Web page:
Everybody knows that IBM engineer David Bradley invented the Ctrl-Atl-Delete key combination used to reboot the IBM PC. But who first described this key combination as the "three-finger salute"?
I think I was. In the February 25, 1986 issue of PC Magazine (Volume 5, Number 4) is a cover story I wrote entitled "Operating in a New Environment," which introduced readers to the new world of Windows, TopView, et. al.. On page 114 is the following paragraph:
THE THREE-FINGER SALUTE Some people stick with a few standard applications. They don't bother with resident programs, and they never play around with DEBUG and POKE. If the above description fits you, you may not be accustomed to having your computer crash — to suddenly find that your keyboard is frozen or to watching the screen fill up with garbage. You may not even be aware of the two different types of crashes, the soft crash (recoverable by the three-finger salute, Ctrl-Alt-Del) or the hard crash (big red switch and count to 5 slowly).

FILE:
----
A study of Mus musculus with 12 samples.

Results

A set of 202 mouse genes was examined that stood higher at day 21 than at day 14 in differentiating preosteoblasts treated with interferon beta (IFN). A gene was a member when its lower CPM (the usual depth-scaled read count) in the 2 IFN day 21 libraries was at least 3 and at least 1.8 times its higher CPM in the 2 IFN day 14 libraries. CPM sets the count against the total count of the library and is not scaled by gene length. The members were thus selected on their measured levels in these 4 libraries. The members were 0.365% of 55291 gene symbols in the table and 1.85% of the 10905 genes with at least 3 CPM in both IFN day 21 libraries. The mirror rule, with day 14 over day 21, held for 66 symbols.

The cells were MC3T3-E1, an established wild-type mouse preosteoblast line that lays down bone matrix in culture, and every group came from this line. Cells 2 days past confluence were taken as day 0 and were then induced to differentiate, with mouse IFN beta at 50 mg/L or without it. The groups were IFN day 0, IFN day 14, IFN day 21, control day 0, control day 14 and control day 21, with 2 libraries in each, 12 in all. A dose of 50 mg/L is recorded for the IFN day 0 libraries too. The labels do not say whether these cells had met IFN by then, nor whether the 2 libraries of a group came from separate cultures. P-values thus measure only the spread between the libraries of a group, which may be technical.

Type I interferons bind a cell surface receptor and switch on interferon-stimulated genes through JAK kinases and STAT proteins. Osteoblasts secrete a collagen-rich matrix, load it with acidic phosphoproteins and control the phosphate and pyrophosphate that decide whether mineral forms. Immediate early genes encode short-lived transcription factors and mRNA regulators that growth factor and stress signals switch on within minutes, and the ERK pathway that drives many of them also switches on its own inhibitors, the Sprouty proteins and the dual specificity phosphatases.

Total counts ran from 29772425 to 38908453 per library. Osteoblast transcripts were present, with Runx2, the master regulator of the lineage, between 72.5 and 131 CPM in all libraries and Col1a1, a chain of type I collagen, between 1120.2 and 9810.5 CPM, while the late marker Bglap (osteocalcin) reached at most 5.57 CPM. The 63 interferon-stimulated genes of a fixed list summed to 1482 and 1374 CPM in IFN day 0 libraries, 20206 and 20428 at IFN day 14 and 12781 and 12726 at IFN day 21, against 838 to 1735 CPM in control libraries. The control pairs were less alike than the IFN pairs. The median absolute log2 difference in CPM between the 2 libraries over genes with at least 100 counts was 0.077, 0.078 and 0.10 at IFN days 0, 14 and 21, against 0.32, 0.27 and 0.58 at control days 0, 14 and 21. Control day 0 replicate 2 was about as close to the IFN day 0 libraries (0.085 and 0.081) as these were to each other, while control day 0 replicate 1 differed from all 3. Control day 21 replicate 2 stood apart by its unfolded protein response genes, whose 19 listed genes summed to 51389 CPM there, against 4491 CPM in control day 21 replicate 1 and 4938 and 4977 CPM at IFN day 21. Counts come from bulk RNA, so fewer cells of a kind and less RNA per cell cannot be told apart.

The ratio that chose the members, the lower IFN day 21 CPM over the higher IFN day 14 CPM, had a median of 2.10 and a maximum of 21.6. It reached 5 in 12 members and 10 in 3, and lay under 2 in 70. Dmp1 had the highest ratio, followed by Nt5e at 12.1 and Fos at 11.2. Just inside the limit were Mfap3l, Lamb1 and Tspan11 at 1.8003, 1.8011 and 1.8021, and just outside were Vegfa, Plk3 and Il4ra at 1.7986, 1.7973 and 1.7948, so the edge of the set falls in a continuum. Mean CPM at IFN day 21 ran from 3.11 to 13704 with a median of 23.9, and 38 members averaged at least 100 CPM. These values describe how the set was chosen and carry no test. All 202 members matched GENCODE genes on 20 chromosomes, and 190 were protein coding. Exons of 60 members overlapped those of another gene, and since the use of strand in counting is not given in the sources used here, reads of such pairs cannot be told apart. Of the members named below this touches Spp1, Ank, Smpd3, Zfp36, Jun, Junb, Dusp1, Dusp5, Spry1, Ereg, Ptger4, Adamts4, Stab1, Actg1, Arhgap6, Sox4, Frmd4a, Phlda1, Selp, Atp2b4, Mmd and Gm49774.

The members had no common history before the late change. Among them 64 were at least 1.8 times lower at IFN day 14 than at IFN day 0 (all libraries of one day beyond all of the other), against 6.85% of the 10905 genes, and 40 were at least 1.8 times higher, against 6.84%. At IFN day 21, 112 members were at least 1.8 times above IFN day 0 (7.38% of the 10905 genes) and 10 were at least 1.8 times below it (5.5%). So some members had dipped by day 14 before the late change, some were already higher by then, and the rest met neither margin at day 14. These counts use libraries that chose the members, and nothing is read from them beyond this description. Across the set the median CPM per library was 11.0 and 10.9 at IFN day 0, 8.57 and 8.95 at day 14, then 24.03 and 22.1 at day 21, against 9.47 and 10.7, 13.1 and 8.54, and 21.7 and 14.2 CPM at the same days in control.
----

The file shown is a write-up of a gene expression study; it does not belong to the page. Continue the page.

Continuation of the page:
I'm pretty sure that when I wrote that paragraph over 24 years ago, I had never heard or read anyone else referring to Ctrl-Alt-Delete as the "three-finger salute." I know it's a miniscule contribution to our culture — and I'm not even that proud of it because "salute" suggests honoring someone or something while rebooting seems like a more hostile act — but I'm holding on to it.
Of course, I will graciously cede neologistic priority if anyone can find a previous printed use of the term "three-finger salute" in this sense.